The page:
Times of India ko gussa kyun aata hai?

Times of India ko gussa kyun aata hai?
Times of India ko gussa kyun aata hai?
Written by:

Dhanya Rajendran and Anisha Sheth | The News Minute | September 18, 2014 | 12.17 pm IST

Last updated: September 18, 2014 | 9.09 pm IST

Even as the Times Group and Hindustan Times are having a public argument over circulation figures, the former appears to be carrying out a similar campaign with a Kannada daily in Karnataka.

For four days starting on September 15, The Times of India and Kannada daily Vijaya Karnataka have published one advertisement a day, targeting a newspaper for having exaggerated its circulation figures.

The advertisements were published in the Times Group’s Kannada daily Vijaya Karnataka in Kannada. But what is curious is that The Times of India too published the advertisements in English not just in Bangalore, but also in its other main south India editions namely Chennai, Hyderabad and Kochi. 

BCCL had bought Vijaya Karnataka in 2006 for around Rs 300 crore from its founder and owner Vijay Sankeshwar. 

All four advertisements published were accompanied by “a pledge” made by Vijaya Karnataka “to the Audit Bureau of Circulations, advertisers, media planners and buyers everywhere”, but each one had a different allegation to make.

The advertisement was designed to resemble a certificate of merit with the caption “For the ethical marketing of newspapers” written on the top. 

Advertisement 1: “We will not commission unnecessarily high print runs and then proceed to SECRETLY destroy unsold copies in a bonfire.”

Advertisement 2: “We promise NEVER TO FORGET the difference between sold and unsold copies and therefore NEVER TO COUNT copies that are doled out to dealers to inflate our circulation numbers.

Advertisement 3: ““Sell our newspaper OR ELSE” will never be used as a technique to forcibly convert employees into vendors and thereby achieve incredulous circulation numbers.”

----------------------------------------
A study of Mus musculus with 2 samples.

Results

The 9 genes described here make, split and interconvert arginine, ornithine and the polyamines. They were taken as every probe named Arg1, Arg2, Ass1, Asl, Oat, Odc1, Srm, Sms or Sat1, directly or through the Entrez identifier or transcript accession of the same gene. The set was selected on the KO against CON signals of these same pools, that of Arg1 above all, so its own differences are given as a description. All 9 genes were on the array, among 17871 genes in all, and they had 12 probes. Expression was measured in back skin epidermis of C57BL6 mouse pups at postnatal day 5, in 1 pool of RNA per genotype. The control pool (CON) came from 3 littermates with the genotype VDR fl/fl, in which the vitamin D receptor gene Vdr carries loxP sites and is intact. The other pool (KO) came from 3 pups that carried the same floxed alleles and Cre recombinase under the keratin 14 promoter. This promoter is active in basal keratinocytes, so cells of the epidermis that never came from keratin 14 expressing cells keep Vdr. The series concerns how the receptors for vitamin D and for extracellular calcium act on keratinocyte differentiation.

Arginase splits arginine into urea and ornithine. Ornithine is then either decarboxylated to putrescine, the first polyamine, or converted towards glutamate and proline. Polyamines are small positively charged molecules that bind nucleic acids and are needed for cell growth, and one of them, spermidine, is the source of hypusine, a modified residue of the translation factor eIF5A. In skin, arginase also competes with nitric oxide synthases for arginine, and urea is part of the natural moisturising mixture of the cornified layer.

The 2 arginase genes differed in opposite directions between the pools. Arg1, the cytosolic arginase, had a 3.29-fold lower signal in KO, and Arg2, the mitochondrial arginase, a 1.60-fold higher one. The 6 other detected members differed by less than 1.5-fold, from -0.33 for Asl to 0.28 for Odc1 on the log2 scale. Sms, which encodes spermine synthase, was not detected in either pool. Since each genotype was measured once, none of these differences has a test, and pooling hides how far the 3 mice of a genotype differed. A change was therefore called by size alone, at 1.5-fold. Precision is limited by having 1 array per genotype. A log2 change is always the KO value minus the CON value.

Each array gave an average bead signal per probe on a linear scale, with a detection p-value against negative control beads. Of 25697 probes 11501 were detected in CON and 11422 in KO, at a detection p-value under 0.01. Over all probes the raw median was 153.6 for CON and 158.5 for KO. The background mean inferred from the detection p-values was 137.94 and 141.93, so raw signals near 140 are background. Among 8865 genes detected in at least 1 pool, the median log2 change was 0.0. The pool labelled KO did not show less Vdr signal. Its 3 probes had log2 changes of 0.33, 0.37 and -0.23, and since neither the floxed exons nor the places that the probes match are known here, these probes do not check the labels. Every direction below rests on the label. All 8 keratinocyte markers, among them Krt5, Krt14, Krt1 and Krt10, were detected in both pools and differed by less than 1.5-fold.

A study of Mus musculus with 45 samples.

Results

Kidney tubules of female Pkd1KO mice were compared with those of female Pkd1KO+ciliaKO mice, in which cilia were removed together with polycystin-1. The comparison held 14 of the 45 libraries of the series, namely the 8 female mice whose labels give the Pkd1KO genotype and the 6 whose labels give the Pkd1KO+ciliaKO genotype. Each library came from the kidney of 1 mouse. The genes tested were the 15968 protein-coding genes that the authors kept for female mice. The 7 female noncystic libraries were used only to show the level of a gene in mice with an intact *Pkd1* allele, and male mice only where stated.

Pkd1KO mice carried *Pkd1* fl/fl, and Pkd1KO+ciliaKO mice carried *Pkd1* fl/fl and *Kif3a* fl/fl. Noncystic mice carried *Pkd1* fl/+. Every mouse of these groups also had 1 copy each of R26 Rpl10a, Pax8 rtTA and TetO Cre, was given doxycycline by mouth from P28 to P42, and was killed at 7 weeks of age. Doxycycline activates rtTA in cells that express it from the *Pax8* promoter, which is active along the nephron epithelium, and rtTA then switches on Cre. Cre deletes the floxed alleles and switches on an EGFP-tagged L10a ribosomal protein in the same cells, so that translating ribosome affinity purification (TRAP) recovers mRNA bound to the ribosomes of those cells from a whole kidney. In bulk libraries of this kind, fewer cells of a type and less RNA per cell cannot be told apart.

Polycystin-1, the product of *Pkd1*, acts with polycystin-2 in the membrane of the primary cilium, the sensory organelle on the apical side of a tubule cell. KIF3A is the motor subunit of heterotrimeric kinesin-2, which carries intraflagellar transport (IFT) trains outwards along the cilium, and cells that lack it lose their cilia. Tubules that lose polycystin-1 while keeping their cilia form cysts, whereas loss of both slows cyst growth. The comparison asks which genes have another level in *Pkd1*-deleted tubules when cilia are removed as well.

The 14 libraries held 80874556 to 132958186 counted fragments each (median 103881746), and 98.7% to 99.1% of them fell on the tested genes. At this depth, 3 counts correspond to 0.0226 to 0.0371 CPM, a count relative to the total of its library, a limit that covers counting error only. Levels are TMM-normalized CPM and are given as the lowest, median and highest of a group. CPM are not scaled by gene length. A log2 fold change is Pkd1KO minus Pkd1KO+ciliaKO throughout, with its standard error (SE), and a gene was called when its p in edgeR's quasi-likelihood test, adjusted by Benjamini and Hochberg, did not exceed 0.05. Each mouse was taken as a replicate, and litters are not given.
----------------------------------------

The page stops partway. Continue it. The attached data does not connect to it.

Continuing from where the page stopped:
Advertisement 4: “Our associate companies will not engage in BUYING copies in bulk EVERY DAY from our dealers as a technique of adding credibility to incredible circulation figures.”

Who was the target of these ads?

According to a senior managerial official of Bennet Coleman and Company Limited (BCCL) who wished to remain anonymous, the advertisement campaign was aimed at Vijayavani, a state-wide newspaper in Karnataka which was launched just two years ago by Vijay Sankeshwar, after his no-competition agreement with the Times Group expired. When contacted, Vijayavani declined to comment.

The official said that the Vijaya Karnataka campaign was in response to Vijayavani’s claims of a circulation of 6 lakh copies which were exaggerated. The official said that Vijaya Karnataka’s circulation was 6.18 lakh copies and that Vijayavani’s had claimed its circulation was 6 lakh.

According to the Audit Bureau of Circulation, the most circulated Kannada daily for the period June 2013 to December 2013 is Vijaya Karnataka, with a circulation of 6.24 lakh copies, followed by Prajavani with 5.58 lakh. Vijayavani comes third with 4.85 lakh. These figures are certified up to August 1, 2014, according to the ABC website.

The results of the survey for January to June 2014 have not yet been sent out to all publications or uploaded on the website, but sources confirmed that Vijayavani had received a certificate from the ABC placing its circulation at 6.68 lakh copies. 

The timing of this campaign coincides with a similar tussle over circulation figures that The Times of India is having with Hindustan Times. The two newspapers are competitors in several areas especially New Delhi, which has long been Hindustan Times’ bastion, and Mumbai, which is TOI’s stronghold.